By Domenico Russumanno
The traditional site of the sea monster Scylla of Greek mythology.
A fishing and tourist village at the north end of the Strait of Messina (Stretto di Messina) sitting on a rocky promontory, dividing Marina Grande and the older historical centre known as Chianalea toward which the houses slope.
The spell of our Mediterranean landscapes.
At the end of the promontory is the little harbor dominated by the Ruffo castle.
The castle, originally late medieval, has been rebuilt at various times.
A rocky outcrop divides Scilla in two main parts: Marina Grande , is the more touristy,
and Chianalea , the old fishing port, with houses stacked on each other.
Unforgettable sunsets ...
|Calabria's sunsets, already spectacular in their own rights, in Scilla seem to assume a new unique characteristics, fed with unreal quivers when the enchanting fishing hamlet is admired from within its arched narrow streets and alleys, all separated from each other by yet more small alleys, all heading down, straight toward the sea.
The charming Chianalea district lies along the seafront and the water often reaches the doors of the houses whose walls are built directly on the reefs.
The buildings are continually subjected to the impact of the waves, creating that unmistakable evocative sound, which, amplified by the silence of the night, adds a special background to the life of the residents.
The fishing hamlet is located approximately 25 km north of Reggio di Calabria, right across from the strait of Messina, Sicily.
The town stands in a picturesque location overlooking two bays separated by the famous cliff, dominated by the 11th century castle built by the Ruffo princes.
It is definitely about fishing that life in the village is made of, making it a stage for the daily life which continues to evolve hidden in the narrow alleys and carrying on that dignified marine lifestyle never really abandoned.
Here, in the maze of arched staircases and alleyways that climb up the hill to then descend again touching the sea, is not unusual to spot, under a window or beside a door, one, two, or more boats.
Nor would be unusual to observe a resident fishing from the kitchen's balcony.
Known as "Scyllaeum" in the Homeric myth of Scylla and Charybdis, the two sea monsters which threatened ships in the waters of the strait. Homer's legend of the destructive force wielded by the six-headed monster would have us believe Ulysses escaped miraculously was no doubt due to the fiercely opposing currents prevailing in the Strait of Messina.
Easily accessible from the A3, the marine village is one of the best known places in Calabria.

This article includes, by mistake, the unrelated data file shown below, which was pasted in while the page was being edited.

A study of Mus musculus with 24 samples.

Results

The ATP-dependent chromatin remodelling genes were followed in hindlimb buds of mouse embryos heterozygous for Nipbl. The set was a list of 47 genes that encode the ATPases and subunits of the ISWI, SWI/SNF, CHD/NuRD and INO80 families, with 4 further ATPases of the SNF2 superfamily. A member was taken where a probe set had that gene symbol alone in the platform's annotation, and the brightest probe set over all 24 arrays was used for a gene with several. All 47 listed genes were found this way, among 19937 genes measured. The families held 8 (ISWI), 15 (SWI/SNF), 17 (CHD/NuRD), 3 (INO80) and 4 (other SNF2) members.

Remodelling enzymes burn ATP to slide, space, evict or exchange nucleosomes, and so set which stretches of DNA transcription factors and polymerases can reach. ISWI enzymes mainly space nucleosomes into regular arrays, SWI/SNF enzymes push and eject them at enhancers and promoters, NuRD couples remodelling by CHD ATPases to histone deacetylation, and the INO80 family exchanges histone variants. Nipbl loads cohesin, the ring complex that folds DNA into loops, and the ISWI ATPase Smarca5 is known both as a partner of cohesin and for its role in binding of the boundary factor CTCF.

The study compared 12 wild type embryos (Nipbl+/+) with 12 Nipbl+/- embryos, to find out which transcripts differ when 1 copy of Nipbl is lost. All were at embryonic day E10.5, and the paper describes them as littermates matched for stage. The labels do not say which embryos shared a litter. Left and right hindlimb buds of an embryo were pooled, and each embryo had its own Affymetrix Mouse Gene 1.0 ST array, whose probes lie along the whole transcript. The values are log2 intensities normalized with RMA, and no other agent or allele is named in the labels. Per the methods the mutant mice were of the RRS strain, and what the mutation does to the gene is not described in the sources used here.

There is a small port for tourist craft and fishing boats and the Marina Grande is a magnificent 800 meter long beach dominated by the recent restored Ruffo Castle which offers superb views from its bastions.
Among the narrow streets of Chianalea we also find the ancient buildings of particular importance, fountains, squares and churches of great historical and artistic interest, each with its own history, but all united by a particular natural landscape, offering a scene of great beauty.
Of interest is the 18th century church dello Spirito Santo at Marina Grande.
Above Scilla at Melia one can visit the Tremusa karstic grottoes...
...close to which rises the Paolo Re spring, whose waters are recommended for those who suffer from kidney diseases. Nearby is the old water mill of Scannaporcelli.
North of Scilla , the Favazzina bridge occupies a wonderful position overlooking the steep cliffs of the Violet Coast.
Renowned, too, are many of the restaurants where you can taste the catch of the day.
The name derives from the Phoenician skoula (rock) or Greek skola (dog) or Skylla, later translated into Latin as Scylla and Scyllaeum.
Some historians suggest that Scilla was founded at the time of the Trojan War (XII century BC).
Mythology narrates that Scilla was a beautiful young girl, daughter of Niso, who was King of Megara.
She was loved by the marine god Glauco, and transformed, by a wizard named Circe, into a monster with six heads of ferocious dogs who devoured sailors passing through the Strait of Messina.
The legend of
Scylla and Charybdis
(Scilla & Cariddi)
"Being between Scylla and Charybdis" is an idiom deriving from Greek mythology meaning of "having to choose between two evils".
Scylla and Charybdis were mythical sea monsters noted by Homer; Greek tradition sited them on opposite sides of the Strait of Messina between Sicily and mainland Calabria.
Scylla was rationalized as a rock shoal (described as a six-headed sea monster) on the Calabrian side of the strait and Charybdis was a whirlpool off the coast of Sicily.
They were regarded as a sea hazard located close enough to each other that they posed an inescapable threat to passing sailors; avoiding Charybdis meant passing too close to Scylla and vice versa.
According to Homer, Ulysses, king of Ithaca, was forced to choose which monster to confront while passing through the strait; he opted to pass by Scylla and lose only a few sailors, rather than risk the loss of his entire ship in the whirlpool.